Is Paris in August heaven or hell? Photo: Bertrand Guay/AFP
17:34 CEST+02:00
The eternal debate of whether staying in Paris for the month of August is pure joy or punishment is taken up here by The Local's Joshua Melvin and Ben McPartland. They debate the heat, tourists, Paris plages, and the seductive call of the rest of France.

For The Local's Ben McPartland the month of August delivers to him, once per year, the Paris of his dreams. One with fewer Parisians and a slew of cultural events.

But for his colleague Joshua Melvin there's really no good reason to stay and sweat in Paris in August, especially when the rest of France is out there waiting for you.

Melvin explains why it's time to go:

You'd have to be crazy to stay in Paris in August on purpose.

First up there is the weather. You get the nasty one-two punch of stifling heat and suffocating humidity, which does little to improve the already uncertain hygiene of metro-riding regulars.

It's hot and people smell bad, but that's really kind of secondary.

The question is why the hell you would stick around here and sweat, when you can sweat at the beach?  

Or how about the mountains, the country or any of the other places the 80 some million foreign tourists cross oceans and get visas to see every year in France.

This country has given its privileged residents the, admittedly at times difficult to manage, gift of five weeks of vacation. For god's sake use them outside of the city.

I agree it's nice to have a slower, quieter Paris to yourself, but it remains unclean, harried and covered in stone, steel and asphalt no matter how many people are here.

Also, there is so much to see in France that I find it wasteful to not get out during the one time of the year when it's permitted, if not encouraged.

I won't bore you with my personal bucket list. Suffice to say there's really too much history, hedonism and oddity out there to miss in an effort to remain loyal to poor Paris plages.

There is one thing, however, I will miss when I leave the city tomorrow morning for two weeks: the tourists. Yes, their slowness and tendency to travel in mobs can be annoying on public transit or narrow sidewalks.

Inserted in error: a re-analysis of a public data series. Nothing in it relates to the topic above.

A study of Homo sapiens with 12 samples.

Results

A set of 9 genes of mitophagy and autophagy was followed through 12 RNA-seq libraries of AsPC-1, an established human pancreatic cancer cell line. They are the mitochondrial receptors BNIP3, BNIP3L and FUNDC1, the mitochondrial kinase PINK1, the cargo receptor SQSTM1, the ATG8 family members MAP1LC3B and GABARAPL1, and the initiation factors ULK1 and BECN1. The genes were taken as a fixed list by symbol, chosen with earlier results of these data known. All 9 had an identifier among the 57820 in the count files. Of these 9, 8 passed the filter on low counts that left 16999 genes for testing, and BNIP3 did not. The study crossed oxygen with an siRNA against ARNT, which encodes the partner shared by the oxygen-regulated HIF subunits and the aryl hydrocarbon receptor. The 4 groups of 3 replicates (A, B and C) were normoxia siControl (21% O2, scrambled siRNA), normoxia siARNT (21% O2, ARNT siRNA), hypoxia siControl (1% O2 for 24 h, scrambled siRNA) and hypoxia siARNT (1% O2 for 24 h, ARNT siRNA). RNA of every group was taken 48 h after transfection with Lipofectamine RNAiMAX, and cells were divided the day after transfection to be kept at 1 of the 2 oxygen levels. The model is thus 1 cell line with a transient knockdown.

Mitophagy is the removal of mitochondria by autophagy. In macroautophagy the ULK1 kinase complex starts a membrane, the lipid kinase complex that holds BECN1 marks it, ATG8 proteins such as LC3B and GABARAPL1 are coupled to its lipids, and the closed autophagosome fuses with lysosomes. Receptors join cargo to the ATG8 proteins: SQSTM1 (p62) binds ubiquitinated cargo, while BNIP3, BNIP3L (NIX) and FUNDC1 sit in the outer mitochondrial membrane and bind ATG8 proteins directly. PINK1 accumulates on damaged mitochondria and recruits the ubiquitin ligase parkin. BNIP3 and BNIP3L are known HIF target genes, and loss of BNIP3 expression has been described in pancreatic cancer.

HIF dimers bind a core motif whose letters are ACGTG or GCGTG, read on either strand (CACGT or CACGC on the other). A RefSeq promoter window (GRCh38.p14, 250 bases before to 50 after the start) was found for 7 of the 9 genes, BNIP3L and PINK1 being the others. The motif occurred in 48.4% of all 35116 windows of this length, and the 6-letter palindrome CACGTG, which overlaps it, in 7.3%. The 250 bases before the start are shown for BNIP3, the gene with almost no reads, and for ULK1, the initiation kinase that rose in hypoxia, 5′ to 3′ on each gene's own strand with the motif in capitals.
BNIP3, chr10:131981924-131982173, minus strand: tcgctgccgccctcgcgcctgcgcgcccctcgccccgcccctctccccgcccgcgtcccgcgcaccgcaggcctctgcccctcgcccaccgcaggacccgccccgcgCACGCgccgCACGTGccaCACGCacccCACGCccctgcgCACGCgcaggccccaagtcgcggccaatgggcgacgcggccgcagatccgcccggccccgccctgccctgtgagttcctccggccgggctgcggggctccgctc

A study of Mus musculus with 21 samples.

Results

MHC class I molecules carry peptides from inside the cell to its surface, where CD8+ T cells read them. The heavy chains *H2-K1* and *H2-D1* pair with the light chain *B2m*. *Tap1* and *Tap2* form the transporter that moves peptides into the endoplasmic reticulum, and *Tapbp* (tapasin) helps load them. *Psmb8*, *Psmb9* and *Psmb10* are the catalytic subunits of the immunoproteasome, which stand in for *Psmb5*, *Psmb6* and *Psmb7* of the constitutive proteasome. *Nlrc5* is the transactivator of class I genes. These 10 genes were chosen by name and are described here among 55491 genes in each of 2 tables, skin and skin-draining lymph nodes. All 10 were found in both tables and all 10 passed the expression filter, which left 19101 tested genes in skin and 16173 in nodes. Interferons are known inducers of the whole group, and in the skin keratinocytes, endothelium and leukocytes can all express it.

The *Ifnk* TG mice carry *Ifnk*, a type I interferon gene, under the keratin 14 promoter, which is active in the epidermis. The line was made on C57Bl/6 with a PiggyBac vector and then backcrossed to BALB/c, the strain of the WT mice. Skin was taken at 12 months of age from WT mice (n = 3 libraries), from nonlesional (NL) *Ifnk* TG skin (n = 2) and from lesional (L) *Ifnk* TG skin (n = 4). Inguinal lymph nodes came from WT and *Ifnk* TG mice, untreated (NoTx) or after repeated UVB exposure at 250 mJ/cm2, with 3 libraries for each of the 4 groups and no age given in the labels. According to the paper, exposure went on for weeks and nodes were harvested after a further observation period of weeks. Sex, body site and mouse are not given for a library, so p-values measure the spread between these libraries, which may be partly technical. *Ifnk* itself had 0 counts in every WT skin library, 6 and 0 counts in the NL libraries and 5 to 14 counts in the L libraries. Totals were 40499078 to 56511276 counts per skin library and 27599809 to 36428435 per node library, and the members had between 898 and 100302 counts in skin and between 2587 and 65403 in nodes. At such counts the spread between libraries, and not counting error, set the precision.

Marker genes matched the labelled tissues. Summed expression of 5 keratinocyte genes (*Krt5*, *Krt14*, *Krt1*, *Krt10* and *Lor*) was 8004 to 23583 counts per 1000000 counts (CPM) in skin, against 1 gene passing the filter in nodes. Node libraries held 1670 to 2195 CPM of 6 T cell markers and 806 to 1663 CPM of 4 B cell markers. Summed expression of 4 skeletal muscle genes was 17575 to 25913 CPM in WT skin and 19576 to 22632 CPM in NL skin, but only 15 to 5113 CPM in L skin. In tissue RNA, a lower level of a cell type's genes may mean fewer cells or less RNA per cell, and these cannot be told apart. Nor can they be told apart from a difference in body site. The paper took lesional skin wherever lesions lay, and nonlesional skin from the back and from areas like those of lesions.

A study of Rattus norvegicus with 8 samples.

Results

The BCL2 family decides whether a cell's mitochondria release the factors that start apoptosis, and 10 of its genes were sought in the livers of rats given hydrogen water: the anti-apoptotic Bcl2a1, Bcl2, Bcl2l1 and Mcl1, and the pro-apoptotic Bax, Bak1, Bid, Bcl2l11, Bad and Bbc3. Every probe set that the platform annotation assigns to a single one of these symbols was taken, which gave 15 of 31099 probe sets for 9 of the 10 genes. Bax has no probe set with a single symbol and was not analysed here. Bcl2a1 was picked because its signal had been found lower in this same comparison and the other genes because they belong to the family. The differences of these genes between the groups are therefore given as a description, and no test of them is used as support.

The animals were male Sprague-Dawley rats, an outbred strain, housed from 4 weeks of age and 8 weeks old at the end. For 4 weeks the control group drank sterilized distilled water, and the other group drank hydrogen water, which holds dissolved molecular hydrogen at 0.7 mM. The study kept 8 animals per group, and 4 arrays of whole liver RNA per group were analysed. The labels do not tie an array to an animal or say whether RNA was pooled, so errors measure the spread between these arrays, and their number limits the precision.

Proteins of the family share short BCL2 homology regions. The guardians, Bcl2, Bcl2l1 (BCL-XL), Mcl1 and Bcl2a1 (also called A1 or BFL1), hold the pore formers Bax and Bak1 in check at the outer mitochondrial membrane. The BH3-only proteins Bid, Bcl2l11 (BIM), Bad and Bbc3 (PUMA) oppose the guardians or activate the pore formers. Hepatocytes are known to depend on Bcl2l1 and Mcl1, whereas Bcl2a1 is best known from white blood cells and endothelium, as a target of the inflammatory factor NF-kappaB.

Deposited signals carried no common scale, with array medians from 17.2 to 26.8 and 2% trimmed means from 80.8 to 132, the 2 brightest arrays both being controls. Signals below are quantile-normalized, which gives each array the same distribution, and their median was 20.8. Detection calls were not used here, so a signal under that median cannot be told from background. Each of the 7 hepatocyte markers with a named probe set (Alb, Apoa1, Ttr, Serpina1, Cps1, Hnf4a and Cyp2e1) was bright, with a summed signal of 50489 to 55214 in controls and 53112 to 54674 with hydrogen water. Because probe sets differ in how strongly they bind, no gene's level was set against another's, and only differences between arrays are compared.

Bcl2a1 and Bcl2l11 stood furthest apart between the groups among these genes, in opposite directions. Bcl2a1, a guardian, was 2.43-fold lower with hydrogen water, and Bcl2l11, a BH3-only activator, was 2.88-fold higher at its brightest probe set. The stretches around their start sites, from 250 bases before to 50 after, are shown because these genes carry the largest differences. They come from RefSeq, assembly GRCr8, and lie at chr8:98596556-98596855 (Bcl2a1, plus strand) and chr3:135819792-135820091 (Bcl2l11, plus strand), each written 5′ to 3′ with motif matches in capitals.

But because the City of Light draws people from everywhere you get a sample of the world's cultures delivered to you. And August is decidedly peak season for people watching.

I'll get over it though. My consolation prize is the ocean, the sand and a moment with the rest of this country that remains such a mystery to me.

The Local staff writers Joshua Melvin (left) and Ben McPartland (right) battle it out over Paris in August. 

For McPartland August is the one month you should probably avoid leaving the City of Light:

There's a famous, oft-repeated quote that goes along the lines of "Paris would be a great city without the Parisians."

While that is clearly a bit harsh on the locals, anyone who wants to know if it's true should come to Paris in August.

Think of everything in Paris that you can't do at other times of the year -- get a seat on a terrace, get a seat on the metro, find a bit of green space in a park, etc.

Well in August you can do all these things.

And remember in August Paris is probably the only place in France, that won't see traffic jams.

While Melvin is sitting in his sweltering car in a traffic jam leading to a packed beach, overrun with Parisians, I'll be whizzing through Paris on a Velib' with the roads, pretty much, to myself.

Then think of everything that goes on in Paris in August. There's Paris plages for starters, with real sand and no chance of getting bitten by jellyfish, unlike on the Riviera.

There's the open air cinema at La Villette and the Rock en Seine music festival. 

There's also outdoor pools for when it gets too hot.

Some may complain about having to work while everyone else is away, but they miss the point.

In August, your boss is likely to be on beach, your colleagues too, so you can get away with doing pretty much 'rien'!

The pace of life slows, stress levels are reduced, the Parisians that are left smile at each other and even exchange small talk.

OK there's the hordes of tourists, but they are easily avoided if you stay clear of the hot spots.

While Melvin rightly asks why you would stay in Paris, when you can go to the beach in August, I say the beach will still be there in September, even October, when you'll appreciate getting out of the City of Light a lot more.